The white violets are blooming, at least next to the house.

It’s really starting to feel like spring here in North Pole, Alaska. Sunrise this morning was at 4:01 am and sunset will be at 11:37 pm this evening for 10 hours 36 minutes of potential sunlight, but civil twilight now lasts all night. Thanks to our screwed-up time zones the sun will set after midnight by the end of the month. Daily gain in day length has slowed down and will continue to slow until the solstice. Not that it makes a lot of difference, since it never gets darker than civil twilight.

Greenup has unquestionably arrived for the native trees.

We could still have frosts or snow, and I’m planting only the really cold-hardy plants like mint. Everything’s out hardening, though, and I’m no longer bringing the hardening plants in at night—at least as long as there is no frost warning in the forecast.

Native plants such as this wild rose have leafed out, though it's still a little early for flower buds.

The photos were all taken this morning, with the sun going in and out (mostly behind thin broken clouds.) It’s t-shirt and shorts weather. It’s been dry—the first local fire is being mopped up and I hope it’s not a warning of a smoke-filled summer to come. Still, this time of year makes Alaska a great place to live.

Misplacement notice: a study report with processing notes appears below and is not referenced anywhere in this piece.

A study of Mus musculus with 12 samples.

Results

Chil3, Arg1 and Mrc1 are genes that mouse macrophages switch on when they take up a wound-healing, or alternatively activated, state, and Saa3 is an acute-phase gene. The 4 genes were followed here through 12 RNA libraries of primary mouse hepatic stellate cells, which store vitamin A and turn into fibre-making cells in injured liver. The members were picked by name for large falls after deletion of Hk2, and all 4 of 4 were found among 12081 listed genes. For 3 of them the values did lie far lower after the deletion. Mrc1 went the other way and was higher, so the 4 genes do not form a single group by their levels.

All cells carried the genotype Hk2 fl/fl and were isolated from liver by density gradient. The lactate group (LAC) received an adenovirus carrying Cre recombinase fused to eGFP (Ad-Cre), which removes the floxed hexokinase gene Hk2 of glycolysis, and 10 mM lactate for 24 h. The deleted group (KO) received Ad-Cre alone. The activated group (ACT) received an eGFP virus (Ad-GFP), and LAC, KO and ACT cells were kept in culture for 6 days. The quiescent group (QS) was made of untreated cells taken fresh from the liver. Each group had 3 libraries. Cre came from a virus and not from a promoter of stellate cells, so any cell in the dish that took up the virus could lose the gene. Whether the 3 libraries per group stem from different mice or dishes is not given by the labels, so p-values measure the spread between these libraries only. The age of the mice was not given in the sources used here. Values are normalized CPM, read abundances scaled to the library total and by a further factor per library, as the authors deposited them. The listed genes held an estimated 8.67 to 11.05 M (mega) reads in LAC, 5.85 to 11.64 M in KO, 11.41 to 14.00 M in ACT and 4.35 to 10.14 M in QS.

Imported plants such as this Amur Maple are much slower, and I still can't tell whether some survived.

Those time zones? Alaska standard time is 135° W, an hour west of California. According to my GPS, I am currently at 147° 27’ W. Add in daylight savings, and local time is almost 2 hours ahead of what it should be by the sun. Hence sunset the following day at the height of summer. (Already, in Nome, which is officially on the same time zone as Fairbanks.)